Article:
McCain Campaign Tries To Block Ron Paul From Convention Floor
The Washington Times reported today that the McCain campaign and the Republican National Committee have been “negotiating with Rep. Ron Paul to win his support and acquire the names of his sympathizers among the 4,607 delegates and alternates at the Republican National Convention.”
However, when CNN’s John King asked Paul this morning whether such reports were true, Paul laughed. “I wouldn’t put it in those words,” he said. In fact, he said the RNC seemed to be trying to keep him off the convention floor, even though as a congressman, he should be able to get floor passes without a problem
Paul was barred from speaking at the convention “because the the congressman would not change his position on the war in Iraq, which he opposes.” The Washington Times also reports that Paul “was denied permission to address the Republican Platform Committee last week” after “the McCain forces who controlled the platform proceedings, as well as the Rules Committee and the Credentials Committee, objected.”
The McCain campaign’s stonewalling of Ron Paul may not have the support of his vice presidential pick, Gov. Sarah Palin. In an interview with MTV earlier this year, Palin expressed support for Paul, saying that he was “cool“:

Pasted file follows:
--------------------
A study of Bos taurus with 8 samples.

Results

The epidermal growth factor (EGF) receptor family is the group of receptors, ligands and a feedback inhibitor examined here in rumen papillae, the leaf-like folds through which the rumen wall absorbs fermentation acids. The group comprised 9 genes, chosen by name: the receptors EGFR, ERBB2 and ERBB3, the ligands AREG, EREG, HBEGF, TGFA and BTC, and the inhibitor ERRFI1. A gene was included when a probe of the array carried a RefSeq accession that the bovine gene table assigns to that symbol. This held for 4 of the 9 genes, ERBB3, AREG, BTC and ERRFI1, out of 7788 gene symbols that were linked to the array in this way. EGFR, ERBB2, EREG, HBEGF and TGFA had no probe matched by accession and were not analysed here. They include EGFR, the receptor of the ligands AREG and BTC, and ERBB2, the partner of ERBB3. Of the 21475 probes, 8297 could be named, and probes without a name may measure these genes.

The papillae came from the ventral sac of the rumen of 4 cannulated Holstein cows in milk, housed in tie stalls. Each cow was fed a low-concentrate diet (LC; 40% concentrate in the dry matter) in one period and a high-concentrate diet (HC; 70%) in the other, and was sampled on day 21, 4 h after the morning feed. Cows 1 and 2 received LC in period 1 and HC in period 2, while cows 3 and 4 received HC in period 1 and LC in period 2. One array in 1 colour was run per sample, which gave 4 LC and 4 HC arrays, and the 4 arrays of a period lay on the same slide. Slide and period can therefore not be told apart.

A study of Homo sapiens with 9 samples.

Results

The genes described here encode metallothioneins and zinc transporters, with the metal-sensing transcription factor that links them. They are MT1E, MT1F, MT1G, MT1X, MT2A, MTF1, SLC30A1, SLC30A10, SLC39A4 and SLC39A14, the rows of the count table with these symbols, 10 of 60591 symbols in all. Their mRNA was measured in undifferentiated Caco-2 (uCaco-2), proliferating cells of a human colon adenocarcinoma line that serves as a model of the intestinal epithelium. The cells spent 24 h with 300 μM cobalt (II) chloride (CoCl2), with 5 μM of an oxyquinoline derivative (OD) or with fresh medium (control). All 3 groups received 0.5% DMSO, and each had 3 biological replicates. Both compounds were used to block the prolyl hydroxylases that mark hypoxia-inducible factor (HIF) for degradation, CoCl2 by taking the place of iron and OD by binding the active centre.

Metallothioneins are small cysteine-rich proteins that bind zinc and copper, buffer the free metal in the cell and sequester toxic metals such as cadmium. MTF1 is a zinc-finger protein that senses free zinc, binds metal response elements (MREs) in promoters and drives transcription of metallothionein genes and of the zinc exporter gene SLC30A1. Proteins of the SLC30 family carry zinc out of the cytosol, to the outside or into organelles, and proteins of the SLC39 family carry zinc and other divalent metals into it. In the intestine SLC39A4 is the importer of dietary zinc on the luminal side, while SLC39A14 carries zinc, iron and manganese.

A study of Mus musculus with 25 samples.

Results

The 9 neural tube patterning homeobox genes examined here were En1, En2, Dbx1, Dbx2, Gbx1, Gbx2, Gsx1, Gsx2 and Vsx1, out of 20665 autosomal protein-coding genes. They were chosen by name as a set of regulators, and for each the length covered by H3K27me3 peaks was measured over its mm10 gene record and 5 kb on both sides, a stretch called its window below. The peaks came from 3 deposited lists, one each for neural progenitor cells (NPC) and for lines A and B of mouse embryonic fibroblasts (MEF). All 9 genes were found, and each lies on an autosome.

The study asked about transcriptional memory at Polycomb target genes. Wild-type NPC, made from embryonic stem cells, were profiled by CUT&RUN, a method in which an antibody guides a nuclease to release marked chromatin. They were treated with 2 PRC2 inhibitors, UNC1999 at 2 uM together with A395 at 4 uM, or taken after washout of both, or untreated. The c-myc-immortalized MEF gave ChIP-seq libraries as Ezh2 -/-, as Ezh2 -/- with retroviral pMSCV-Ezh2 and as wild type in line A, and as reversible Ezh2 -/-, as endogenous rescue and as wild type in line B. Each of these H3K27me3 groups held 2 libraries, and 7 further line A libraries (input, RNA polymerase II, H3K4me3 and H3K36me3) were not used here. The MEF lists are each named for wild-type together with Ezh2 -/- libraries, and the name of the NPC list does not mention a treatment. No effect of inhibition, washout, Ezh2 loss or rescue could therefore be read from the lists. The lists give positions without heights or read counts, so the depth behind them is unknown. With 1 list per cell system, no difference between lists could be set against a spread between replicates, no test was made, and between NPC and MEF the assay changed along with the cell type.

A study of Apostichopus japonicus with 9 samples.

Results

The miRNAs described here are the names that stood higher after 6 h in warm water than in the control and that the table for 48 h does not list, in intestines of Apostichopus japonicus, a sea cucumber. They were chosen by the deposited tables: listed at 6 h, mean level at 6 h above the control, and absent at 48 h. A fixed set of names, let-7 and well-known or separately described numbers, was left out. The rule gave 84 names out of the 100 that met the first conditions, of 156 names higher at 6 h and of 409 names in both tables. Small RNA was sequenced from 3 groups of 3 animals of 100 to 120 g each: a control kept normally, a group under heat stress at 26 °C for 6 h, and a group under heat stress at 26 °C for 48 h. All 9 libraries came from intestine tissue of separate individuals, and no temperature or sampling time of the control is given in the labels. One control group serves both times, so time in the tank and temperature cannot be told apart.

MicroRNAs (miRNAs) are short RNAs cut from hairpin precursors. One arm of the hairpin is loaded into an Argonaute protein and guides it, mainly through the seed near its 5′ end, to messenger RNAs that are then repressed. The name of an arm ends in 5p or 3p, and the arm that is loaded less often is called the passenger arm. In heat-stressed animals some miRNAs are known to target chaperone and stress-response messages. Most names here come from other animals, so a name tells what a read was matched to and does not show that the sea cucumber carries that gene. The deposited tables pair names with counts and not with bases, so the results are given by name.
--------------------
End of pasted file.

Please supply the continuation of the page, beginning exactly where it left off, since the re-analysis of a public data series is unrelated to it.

He’s cool. He’s a good guy. He’s a good guy. He’s so independent. He’s independent of like the party machine, I’m like, right on, so am I. The party machinery, on both sides of the party, ya know, Americans are tiring of the incessant partisanship that gets in the way of just doing the right thing for this country.
Blacks represent just 2 percent of GOP convention delegates.
There are just 36 black delegates at this week’s Republican National Convention, “fewer than 2% of the total and a sharp drop-off from 2004,” when 6.7 percent were black. At last week’s Democratic National Convention, 24.5 percent of delegates were black. Recent polls show that about nine out of 10 black voters support Sen. Barack Obama (D-IL).
The Thompson line
As Thompson pointed out, Obama is promising tax cuts to just about everybody. . . .
No, I think McCain has promised only to try to retain the current tax rates
he is in favor of lower taxes, smaller, more efficient, more effective government--in that particular area, McCain is a true conservative.
the Cato and Heritage Institutes who are almost never in error in their analysis
It is being speculated, by some, that Sarah will pull the highest ratings on TV tonight--maybe even exceeding Obama's acceptance speech.